Man Hospitalized After Accidentally Taking Anvil

FERRITE, PA – A local man was sent to the emergency room after mistakenly taking two Anvil tablets for a headache, instead of the Advil he intended to take.

“It’s an honest slip-up if you consider the labels,” said safety expert Wanda Hepia. “You reach into the cabinet and grab a familiar bottle, but it’s one that just looks similar.”

The man, who has not yet been identified, apparently ingested two pills of Anvil, which unlike Advil is not for headaches.

Consumers can be easily fooled by the appearance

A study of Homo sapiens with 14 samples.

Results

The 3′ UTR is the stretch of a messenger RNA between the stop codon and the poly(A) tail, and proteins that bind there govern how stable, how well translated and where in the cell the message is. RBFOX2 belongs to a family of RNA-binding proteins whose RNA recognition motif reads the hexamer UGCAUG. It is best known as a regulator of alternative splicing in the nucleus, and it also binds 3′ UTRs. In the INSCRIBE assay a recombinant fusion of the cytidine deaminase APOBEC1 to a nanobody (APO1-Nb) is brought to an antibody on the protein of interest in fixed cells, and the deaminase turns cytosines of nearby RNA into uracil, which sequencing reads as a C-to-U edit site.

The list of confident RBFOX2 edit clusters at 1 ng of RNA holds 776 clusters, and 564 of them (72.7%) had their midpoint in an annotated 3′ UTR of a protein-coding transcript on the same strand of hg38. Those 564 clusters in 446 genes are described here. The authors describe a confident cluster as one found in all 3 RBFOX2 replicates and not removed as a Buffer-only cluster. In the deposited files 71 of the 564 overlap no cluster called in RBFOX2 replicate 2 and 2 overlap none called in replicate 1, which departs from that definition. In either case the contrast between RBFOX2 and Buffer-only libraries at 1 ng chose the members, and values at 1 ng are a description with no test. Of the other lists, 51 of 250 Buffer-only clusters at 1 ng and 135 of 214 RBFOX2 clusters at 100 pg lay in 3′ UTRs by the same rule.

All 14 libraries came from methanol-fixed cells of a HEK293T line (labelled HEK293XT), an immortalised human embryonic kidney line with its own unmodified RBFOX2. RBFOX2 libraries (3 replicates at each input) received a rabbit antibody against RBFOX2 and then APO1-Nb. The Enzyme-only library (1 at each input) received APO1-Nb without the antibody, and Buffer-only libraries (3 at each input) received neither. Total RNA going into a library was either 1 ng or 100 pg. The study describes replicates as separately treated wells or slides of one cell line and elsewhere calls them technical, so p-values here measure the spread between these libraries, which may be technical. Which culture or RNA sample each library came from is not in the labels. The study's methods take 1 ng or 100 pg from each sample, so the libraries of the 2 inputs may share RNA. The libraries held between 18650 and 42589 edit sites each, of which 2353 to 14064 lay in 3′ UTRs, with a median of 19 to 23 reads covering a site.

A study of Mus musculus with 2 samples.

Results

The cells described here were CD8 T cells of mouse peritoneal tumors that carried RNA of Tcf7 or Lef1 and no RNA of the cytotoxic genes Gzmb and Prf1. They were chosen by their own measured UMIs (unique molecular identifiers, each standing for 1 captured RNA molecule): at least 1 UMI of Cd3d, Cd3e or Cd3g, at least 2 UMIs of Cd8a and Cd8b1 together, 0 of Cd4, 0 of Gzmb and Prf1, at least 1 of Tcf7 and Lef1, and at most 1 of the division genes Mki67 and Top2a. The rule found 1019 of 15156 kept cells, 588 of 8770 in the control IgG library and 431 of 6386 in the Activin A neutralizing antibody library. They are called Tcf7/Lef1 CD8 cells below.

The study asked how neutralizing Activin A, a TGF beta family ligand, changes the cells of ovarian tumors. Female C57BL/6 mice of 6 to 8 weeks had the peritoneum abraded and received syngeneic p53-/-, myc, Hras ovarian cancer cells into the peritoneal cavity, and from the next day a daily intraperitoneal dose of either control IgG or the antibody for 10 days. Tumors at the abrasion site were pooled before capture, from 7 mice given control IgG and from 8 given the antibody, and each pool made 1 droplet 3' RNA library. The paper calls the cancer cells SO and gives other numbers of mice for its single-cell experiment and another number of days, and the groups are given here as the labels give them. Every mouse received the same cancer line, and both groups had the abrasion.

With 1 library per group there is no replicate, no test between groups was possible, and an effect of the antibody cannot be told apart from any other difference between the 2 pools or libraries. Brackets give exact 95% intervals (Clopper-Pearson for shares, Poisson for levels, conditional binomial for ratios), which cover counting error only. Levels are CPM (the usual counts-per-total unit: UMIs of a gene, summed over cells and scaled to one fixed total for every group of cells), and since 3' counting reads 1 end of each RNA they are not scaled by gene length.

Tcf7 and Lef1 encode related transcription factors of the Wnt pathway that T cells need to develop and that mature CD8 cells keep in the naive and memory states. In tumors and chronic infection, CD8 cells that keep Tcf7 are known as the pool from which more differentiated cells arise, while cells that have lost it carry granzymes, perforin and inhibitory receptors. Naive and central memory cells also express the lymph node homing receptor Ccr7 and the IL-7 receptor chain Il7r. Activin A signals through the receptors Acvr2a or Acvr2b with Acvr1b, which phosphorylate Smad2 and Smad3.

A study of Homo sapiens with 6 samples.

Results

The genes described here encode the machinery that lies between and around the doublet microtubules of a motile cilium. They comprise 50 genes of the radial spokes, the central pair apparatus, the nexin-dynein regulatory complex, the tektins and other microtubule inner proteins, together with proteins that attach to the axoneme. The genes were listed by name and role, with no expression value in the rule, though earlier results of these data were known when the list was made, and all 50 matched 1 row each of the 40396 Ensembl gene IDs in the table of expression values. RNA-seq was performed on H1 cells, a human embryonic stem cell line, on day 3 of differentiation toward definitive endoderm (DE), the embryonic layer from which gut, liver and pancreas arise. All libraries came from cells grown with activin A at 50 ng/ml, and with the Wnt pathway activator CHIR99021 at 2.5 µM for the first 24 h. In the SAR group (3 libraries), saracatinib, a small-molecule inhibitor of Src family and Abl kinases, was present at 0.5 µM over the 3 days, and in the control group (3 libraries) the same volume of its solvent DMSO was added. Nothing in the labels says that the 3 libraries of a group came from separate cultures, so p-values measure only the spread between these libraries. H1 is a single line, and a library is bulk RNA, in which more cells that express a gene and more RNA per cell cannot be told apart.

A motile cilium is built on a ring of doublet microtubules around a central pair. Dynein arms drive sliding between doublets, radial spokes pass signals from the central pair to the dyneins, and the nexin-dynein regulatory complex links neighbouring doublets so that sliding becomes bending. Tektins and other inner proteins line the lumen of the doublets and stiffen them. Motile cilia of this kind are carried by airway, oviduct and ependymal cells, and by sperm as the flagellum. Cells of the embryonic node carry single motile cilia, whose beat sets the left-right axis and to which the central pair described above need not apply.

“Advil is Ibuprofen, a non-steroidal anti-inflammatory drug (NSAID) that people take for pain like headaches or arthritis. It’s generally considered safe when taken as directed,” said Hepia. “But this gentleman did not do that.”

“For whatever reason, he took Anvil, which is not a drug at all. Anvil is a metalworking tool made of iron and is not meant for human consumption in any form.”

Hepia is referring to the alarming availability of Anvil not only in tablets, but also capsules and liquid.

“We have not been able to test Anvil liquid form, but it doesn’t sound good. If it’s molten iron like I suspect, we could have a health emergency on our hands.”

Hepia and other safety professionals are calling for the removal of all Anvil products from shelves nationwide.

“And presumably the makers of Advil will be going after them for infringement of some sort.”

The hospitalized man has been referred to a blacksmith and is expected to make a full recovery.